Rates for the 30-year mortgage went back up last week after a slight dip the week before following the Federal Reserve's recent announcement that it would continue to tighten monetary policy, according to Freddie Mac.
The average rate for a 30-year fixed-rate mortgage increased to 7.08% for the week ending Nov. 10, according to Freddie Mac's Primary Mortgage Market Survey. This was an increase from the previous week when it averaged 6.95% and was still significantly higher than last year when it was 2.98%.
Other loan terms also increased last week. The 15-year mortgage was 6.38%, up from 6.29% the previous week and 2.27% last year. The five-year Treasury-indexed hybrid adjustable-rate mortgage (ARM) increased to 6.06% last week, up from 5.95% the week before and up from 2.53% last year.
"The housing market is the most interest-rate sensitive segment of the economy, and the impact rates have on homebuyers continues to evolve," Sam Khater, Freddie Mac's chief economist, said. "Home sales have declined significantly and, as we approach year-end, they are not expected to improve."
If you're buying a home or looking to refinance your current mortgage, you can visit Credible and compare multiple mortgage lenders to find the right option for you.
Fed may slow rate hikes over latest inflation figures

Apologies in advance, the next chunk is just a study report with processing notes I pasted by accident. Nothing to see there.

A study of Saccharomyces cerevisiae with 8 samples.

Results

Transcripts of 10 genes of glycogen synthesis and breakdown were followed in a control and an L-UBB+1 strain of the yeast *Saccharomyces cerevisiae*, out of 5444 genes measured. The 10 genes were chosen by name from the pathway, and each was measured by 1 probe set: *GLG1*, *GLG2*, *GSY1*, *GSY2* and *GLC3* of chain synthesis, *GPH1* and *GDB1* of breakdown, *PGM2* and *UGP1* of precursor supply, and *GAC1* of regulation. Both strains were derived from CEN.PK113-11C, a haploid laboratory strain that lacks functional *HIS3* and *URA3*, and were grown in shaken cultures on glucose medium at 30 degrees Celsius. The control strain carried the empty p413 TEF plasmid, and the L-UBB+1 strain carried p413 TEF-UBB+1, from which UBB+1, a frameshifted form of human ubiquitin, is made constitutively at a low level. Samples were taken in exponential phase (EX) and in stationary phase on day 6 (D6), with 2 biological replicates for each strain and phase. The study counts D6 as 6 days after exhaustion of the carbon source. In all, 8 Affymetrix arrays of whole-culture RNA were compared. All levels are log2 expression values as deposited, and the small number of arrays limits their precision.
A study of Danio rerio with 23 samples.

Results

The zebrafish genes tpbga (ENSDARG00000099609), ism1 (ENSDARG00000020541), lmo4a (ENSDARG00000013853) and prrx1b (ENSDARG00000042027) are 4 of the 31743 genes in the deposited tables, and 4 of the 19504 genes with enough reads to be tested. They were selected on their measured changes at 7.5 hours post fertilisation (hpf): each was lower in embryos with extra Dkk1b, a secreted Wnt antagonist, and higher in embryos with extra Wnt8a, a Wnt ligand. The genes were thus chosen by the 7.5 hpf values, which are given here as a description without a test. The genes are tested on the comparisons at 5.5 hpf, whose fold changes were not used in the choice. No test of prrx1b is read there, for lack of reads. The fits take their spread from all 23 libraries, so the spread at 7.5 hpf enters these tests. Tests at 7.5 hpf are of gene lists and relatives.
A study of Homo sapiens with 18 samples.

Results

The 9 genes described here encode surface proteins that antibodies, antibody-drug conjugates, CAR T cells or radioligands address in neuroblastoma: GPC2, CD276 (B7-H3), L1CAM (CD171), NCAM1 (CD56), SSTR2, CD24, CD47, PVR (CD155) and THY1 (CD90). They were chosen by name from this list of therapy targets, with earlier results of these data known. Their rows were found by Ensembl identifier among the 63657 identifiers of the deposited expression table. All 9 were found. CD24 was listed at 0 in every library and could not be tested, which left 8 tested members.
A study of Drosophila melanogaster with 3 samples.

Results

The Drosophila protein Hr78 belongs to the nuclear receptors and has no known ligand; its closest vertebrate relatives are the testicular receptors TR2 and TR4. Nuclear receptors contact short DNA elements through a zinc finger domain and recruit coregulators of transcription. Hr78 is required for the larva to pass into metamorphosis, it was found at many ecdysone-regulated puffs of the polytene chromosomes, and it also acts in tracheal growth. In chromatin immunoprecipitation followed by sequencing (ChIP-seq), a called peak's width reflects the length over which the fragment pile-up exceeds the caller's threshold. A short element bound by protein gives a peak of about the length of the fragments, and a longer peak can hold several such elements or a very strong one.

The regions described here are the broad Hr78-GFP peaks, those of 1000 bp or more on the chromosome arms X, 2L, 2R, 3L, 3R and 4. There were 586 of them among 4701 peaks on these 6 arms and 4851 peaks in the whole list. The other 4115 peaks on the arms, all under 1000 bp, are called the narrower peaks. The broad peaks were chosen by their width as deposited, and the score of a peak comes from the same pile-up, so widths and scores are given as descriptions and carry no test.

Inflation, although still high, slowed considerably in October, according to the latest Bureau of Labor Statistics (BLS) report. The Consumer Price Index (CPI), a measure of inflation, rose 7.7% annually in October, a slowdown from the 8.2% increase in September.
The Fed will use two economic reports – CPI data from October and November – to determine how much it will raise interest rates at its next meeting in December, according to Danielle Hale, chief economist at Realtor.com.
"Today's reading was a step in the right direction, and if this momentum continues, it may mean that the Fed will hike by only an additional 50 basis points in December," Hale said in a statement.
If you think you're ready to shop around for a mortgage loan, you can use the Credible marketplace to help you easily compare interest rates from multiple mortgage lenders and get prequalified in minutes.
Housing sentiment drops to all-time low, survey says
Consumer sentiment toward housing dropped 4.1 points to 56.7 and is 18.8 points lower than the same time last year, according to the Fannie Mae Home Purchase Sentiment Index (HPSI). The index is based on Fannie Mae's National Housing Survey.
Only 16% of respondents said that now is a good time to buy a home, which is a "new survey low," according to the HPSI. Meanwhile, 65% of respondents said they expected rates to continue increasing in the next 12 months and 37% of consumers said they expected home prices to drop in the next 12 months compared to 35% in September.
"As continued affordability constraints reduce homebuyer demand, and homeowners become reluctant to sell at potentially reduced prices, we expect home sales to slow even further in the coming months, consistent with our forecast," Doug Duncan, Fannie Mae's chief economist, said.
If you want to take advantage of your current home value before prices drop, you could consider taking out a cash-out refinance to help you pay down debt or fund home improvement projects. Visit Credible to find your personalized interest rate without affecting your credit score.